Our friend Steve Gilbert posed an interesting question today:
How are educational institutions approaching the academic support challenges (and opportunities) that come with teaching and learning in Web 2.0 territory?
This is just the kind of valuable, wide-open question he poses weekly at the TLT Group’s free-wheeling (and free) FridayLive! sessions. For this Friday’s session, he’s asked me and my Hamline University colleague Kate Conners to take a whack at the academic support question by developing an audio "online poster."
As Kate and I pushed at the question’s edges, our instinct was to approach it anecdotally, from the perspective of individuals rather than institutions. Who can really speak for a whole institution, anyway? The stories and voices of individuals are more likely to offer meaningful insights into institutional patterns than the other way around. We thought we’d sneak through the back door by asking two questions of our own:
- How did you begin using Web 2.0 in your teaching and learning?
- What kinds of support have been—and will be—most valuable?
We’d love to hear your responses to these two questions and incorporate them into our piece. It may seem like we’re desperately grasping at straws, running out of time, calling in the virtual cavalry, etc. (well, that’s all partly true). But isn’t this also a perfect opportunity to demonstrate the connective, collaborative power of Web 2.0?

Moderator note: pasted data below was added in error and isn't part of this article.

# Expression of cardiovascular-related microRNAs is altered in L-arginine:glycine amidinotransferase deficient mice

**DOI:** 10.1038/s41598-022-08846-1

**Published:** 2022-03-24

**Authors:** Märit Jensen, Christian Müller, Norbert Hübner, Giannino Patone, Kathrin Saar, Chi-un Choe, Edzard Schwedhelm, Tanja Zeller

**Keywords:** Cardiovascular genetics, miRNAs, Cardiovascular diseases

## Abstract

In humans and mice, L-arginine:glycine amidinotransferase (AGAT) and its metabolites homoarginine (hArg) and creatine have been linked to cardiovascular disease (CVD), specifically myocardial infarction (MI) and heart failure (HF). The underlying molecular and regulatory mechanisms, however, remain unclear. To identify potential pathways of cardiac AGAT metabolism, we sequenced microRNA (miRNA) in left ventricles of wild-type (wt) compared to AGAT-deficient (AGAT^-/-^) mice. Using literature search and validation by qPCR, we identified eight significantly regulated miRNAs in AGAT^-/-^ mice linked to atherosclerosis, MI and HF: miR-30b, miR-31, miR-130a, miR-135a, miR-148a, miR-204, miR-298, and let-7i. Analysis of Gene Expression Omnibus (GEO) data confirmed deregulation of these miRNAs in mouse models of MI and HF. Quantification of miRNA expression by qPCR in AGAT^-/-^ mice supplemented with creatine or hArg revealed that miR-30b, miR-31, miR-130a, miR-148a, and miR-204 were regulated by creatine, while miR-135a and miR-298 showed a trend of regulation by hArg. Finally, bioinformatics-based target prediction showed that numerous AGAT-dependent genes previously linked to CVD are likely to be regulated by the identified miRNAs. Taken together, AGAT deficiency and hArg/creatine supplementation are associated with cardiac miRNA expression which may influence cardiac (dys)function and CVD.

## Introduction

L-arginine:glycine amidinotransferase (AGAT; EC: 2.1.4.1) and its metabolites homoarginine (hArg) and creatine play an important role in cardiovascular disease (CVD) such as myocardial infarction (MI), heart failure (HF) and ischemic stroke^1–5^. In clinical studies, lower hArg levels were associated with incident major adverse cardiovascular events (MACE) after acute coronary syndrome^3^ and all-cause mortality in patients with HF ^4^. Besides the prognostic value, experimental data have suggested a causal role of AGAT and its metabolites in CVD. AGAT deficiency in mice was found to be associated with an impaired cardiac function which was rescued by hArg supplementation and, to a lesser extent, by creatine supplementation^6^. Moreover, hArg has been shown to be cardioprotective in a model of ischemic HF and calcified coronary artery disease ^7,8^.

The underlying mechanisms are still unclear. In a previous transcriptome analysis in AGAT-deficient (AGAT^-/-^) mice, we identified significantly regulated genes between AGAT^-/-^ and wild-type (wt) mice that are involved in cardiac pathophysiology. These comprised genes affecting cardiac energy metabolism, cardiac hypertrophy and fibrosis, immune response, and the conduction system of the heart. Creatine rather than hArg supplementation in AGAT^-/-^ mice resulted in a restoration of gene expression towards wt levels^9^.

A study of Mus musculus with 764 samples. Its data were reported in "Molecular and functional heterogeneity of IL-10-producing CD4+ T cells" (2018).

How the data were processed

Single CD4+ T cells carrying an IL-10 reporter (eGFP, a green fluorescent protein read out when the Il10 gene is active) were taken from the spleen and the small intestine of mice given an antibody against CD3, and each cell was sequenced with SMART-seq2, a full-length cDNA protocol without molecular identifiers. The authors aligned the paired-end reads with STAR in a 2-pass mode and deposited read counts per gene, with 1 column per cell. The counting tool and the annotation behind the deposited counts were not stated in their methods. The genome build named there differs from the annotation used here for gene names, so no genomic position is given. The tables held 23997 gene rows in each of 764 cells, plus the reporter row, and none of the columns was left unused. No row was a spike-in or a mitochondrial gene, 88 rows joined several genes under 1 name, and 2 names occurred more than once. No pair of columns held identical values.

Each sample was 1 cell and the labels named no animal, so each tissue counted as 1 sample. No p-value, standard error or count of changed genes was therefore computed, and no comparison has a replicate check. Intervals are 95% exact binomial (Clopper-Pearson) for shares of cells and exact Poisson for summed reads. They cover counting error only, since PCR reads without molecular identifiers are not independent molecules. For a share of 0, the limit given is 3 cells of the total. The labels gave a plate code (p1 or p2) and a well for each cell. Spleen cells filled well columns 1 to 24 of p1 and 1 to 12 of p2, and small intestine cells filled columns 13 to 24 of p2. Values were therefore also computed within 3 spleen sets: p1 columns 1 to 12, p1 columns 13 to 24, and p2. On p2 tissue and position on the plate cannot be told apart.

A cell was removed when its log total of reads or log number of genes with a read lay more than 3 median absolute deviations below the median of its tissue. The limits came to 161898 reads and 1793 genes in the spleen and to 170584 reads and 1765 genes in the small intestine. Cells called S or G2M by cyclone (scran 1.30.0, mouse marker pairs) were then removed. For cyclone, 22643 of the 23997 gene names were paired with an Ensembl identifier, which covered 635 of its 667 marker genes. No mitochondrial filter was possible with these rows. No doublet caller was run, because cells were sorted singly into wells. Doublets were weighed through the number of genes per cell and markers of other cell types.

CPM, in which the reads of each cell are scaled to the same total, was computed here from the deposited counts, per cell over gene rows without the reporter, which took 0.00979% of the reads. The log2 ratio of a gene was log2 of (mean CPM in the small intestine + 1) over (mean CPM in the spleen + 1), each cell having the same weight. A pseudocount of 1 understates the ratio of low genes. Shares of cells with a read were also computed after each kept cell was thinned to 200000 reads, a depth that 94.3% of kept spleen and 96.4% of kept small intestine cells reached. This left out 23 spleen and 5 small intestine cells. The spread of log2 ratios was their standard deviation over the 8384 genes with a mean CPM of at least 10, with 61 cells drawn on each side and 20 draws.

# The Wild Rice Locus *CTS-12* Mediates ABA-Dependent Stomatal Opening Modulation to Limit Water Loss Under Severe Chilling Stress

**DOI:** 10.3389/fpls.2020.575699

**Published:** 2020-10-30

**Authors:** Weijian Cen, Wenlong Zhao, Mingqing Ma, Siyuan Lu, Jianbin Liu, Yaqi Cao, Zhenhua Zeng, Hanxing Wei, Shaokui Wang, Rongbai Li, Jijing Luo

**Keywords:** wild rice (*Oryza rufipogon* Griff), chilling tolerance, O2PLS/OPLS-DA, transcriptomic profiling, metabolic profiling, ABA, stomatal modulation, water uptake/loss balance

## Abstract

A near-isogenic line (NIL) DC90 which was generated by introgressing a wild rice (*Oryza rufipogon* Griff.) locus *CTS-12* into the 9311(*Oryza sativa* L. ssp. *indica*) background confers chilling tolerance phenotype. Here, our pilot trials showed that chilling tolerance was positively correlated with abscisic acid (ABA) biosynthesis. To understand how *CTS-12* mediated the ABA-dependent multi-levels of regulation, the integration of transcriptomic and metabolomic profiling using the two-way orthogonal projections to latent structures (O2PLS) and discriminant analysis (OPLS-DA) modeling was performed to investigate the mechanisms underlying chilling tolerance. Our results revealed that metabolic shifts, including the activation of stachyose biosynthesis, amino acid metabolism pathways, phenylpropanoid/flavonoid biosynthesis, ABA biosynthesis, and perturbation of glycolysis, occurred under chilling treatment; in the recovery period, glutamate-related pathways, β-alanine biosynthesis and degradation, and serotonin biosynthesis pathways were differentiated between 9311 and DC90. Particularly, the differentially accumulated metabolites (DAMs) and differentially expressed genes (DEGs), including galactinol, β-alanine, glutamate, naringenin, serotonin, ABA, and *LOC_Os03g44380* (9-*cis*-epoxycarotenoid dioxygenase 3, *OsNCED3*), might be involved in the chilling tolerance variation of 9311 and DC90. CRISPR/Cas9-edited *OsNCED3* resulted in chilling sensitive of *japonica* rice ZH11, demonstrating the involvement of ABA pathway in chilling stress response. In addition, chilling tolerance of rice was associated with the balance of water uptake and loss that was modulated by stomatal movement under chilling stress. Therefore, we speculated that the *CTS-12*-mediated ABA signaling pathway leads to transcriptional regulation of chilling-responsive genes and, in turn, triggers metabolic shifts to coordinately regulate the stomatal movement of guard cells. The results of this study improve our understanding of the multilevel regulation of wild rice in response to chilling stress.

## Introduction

You’re invited to share your story in one of two ways: by leaving a comment on this post, or by recording a message on a GabCast channel I’ve created for this project. Either way, I’ll assume by your willing and cheerful participation that you grant permission to reproduce your voice/words for our presentation. The only gentle imperative here is to respond as soon as you reasonably can—do not wash the dog, do not watch the Tour de France (it doesn’t get really interesting until they hit the Alps, anyway, right?), dp not collect $200. We hope to get this chitty-chitty-bang-bang operation off the ground sometime Thursday afternoon.
To record a message on GabCast:
- Dial 1.800.749.0632 in the US. For access numbers outside the US, please visit the GabCast site.
- Enter the channel number 11711 followed by #.
- Enter the channel password 20 followed by #.
- Press 1 to record a new episode.
- Record your message. When you’re finished, press #.
- When you’re satisfied with your recording, press 2 to publish. This will create an mp3 file which I’ll later edit to include in our presentation.
And it goes without saying that you’re invited to attend the session (Friday, July 13, 2:00-3:00pm EDT). Advance registration is requested by 4:00pm EDT so the TLT Group folks can set up logins for everyone.